Meet Maefiti, An Entrepreneur in the Honiara’s Waste Recycling Business


HONIARA, the Solomon Islands’ most populous city of over 100 thousand people, produces tons of waste every day. And much of this waste is not collected. This uncollected waste leads to blocked waterways and unsightly heaps of rubbish that often line the streets.

Michael Maefiti is a waste entrepreneur and co-founder of Sol Recycling Business, a for-profit social enterprise working to help communities in Honiara recycle their neighborhoods and streets from unmanaged aluminum drink cans waste, and unused car batteries.

Baled drinks cans compressed using the aluminium cans compactor machine inside the recycling house at the Lord Howe Settlement area in Honiara.

Founded in 2023, Sol Recycling Business is now a hugely successful business that has created jobs and improved livelihoods in Honiara and other provinces in the country.

The company provides convenient recycling services to households in Honiara and has also improved livelihoods in local communities through buying and collecting reclaimed waste. Today, the business has a dozen local employees and has opened a standalone retail outlet at the Lord Howe Settlement, next to the Mataniko River in China Town, Central Honiara.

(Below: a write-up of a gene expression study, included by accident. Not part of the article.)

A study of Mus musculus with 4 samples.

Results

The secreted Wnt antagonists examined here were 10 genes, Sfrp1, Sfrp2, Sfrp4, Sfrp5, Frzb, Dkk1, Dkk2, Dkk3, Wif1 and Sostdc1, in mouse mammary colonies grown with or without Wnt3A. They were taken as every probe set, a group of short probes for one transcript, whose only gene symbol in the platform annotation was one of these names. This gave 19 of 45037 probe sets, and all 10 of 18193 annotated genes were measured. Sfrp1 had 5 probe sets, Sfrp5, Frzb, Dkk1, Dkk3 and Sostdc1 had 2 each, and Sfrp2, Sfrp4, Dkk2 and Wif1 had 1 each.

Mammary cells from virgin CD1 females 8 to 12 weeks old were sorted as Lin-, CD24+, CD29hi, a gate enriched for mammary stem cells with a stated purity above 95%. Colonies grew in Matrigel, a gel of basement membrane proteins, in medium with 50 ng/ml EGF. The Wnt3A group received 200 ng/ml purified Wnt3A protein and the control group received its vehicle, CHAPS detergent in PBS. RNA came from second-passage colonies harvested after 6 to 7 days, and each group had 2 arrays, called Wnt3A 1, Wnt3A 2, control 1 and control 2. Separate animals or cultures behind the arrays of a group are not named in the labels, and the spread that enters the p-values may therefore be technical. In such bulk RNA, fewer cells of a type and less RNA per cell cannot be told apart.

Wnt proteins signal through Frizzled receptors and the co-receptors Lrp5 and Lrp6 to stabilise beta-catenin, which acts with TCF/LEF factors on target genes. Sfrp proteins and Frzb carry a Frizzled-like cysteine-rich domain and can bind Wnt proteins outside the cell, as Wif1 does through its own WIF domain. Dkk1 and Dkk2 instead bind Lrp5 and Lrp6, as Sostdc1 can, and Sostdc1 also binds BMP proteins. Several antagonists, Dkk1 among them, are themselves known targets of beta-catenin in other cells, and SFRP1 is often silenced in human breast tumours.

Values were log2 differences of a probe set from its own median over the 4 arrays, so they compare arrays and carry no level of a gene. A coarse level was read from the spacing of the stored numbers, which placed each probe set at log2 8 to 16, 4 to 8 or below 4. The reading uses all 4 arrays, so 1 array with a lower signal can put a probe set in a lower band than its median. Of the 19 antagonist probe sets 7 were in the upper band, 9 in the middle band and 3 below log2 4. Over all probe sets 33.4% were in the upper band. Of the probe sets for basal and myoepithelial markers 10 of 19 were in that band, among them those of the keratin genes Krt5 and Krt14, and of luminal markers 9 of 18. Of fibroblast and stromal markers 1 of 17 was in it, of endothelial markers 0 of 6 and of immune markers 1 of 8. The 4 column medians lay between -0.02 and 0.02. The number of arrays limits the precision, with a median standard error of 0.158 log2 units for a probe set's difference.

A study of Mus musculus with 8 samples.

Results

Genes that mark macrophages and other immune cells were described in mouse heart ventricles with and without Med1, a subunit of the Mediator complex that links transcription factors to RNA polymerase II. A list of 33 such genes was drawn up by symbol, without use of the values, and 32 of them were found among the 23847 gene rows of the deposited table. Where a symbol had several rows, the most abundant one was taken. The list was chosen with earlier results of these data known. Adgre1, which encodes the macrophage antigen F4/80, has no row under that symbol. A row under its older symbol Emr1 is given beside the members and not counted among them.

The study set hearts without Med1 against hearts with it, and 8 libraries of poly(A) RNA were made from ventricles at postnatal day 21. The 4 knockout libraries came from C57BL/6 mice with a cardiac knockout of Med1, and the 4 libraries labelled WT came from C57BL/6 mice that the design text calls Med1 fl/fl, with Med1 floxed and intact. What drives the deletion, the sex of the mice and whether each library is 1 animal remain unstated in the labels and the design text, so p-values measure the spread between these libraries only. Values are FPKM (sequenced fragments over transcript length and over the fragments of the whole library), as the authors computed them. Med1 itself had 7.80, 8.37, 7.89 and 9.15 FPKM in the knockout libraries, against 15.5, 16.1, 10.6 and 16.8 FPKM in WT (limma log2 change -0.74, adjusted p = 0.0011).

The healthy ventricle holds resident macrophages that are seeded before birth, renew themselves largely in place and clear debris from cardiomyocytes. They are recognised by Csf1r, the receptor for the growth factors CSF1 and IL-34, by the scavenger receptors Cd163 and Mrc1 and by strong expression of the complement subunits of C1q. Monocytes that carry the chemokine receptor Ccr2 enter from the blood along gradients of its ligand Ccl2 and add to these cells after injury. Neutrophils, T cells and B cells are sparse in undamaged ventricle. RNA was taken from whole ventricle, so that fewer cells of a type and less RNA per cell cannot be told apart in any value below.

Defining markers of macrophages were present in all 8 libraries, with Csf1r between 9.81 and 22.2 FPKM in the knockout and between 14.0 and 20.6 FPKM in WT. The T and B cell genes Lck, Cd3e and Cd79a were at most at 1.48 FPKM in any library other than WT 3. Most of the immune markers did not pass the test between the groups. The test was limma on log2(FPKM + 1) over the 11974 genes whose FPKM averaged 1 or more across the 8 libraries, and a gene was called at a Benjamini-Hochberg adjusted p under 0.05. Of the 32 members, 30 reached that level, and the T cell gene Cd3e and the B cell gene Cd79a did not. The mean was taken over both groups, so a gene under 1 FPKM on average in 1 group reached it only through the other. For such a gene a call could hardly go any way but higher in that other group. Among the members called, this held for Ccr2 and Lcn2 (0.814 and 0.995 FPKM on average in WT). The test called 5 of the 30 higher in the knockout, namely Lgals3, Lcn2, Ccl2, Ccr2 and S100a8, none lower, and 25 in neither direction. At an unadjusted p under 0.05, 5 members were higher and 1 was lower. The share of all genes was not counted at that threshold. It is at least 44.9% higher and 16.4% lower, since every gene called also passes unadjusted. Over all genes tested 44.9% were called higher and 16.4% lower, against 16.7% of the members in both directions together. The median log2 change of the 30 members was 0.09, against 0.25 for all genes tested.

The aluminum cans compactor machine inside the recycling house at the Lord Howe Settlement area in Honiara.

A decade ago, Michael spent nearly 12 years working as a security guard with a private security firm called PEMA Security, where he was tasked to provide safekeeping of the government’s Ministry of Mines and Energy’s solar project storage facility. However, he left his job and decide to focus on the waste business. Michael sees huge potential in this sector, with the country’s growing waste recycling businesses hungry for recycled waste materials due to foreign demand for end products.

Disposed car batteries outside the inside the recycling house at the Lord Howe Settlement area in Honiara.

Sol Recycling in mid-June of this year, 2023 managed to export a consignment of electrolyte and shred battery cells and aluminum tin cans to South Korea.

“Export takes a month for the ship to reach its destination and another month to get paid. My monthly export goal is two containers. 22 tones in one container are equivalent to two containers,” Michael told ENVIRONMENT MEDIA.

Sol Recycling business recycling house at Lord Howe Settlement area in Honiara.

“Currently, Sol Recycling uses a trailer bought from Australia and an aluminum cans compactor machine imported from China. Sol Recycling buys a single disposed car battery for $1.00 per kg, whereas aluminum tin cans for $4.00 per kg.

“The business has benefited greatly from the utilization of the trailer. In contrast to the past, when they only gathered 20kg, they can now collect almost 600kg every day,” he explained.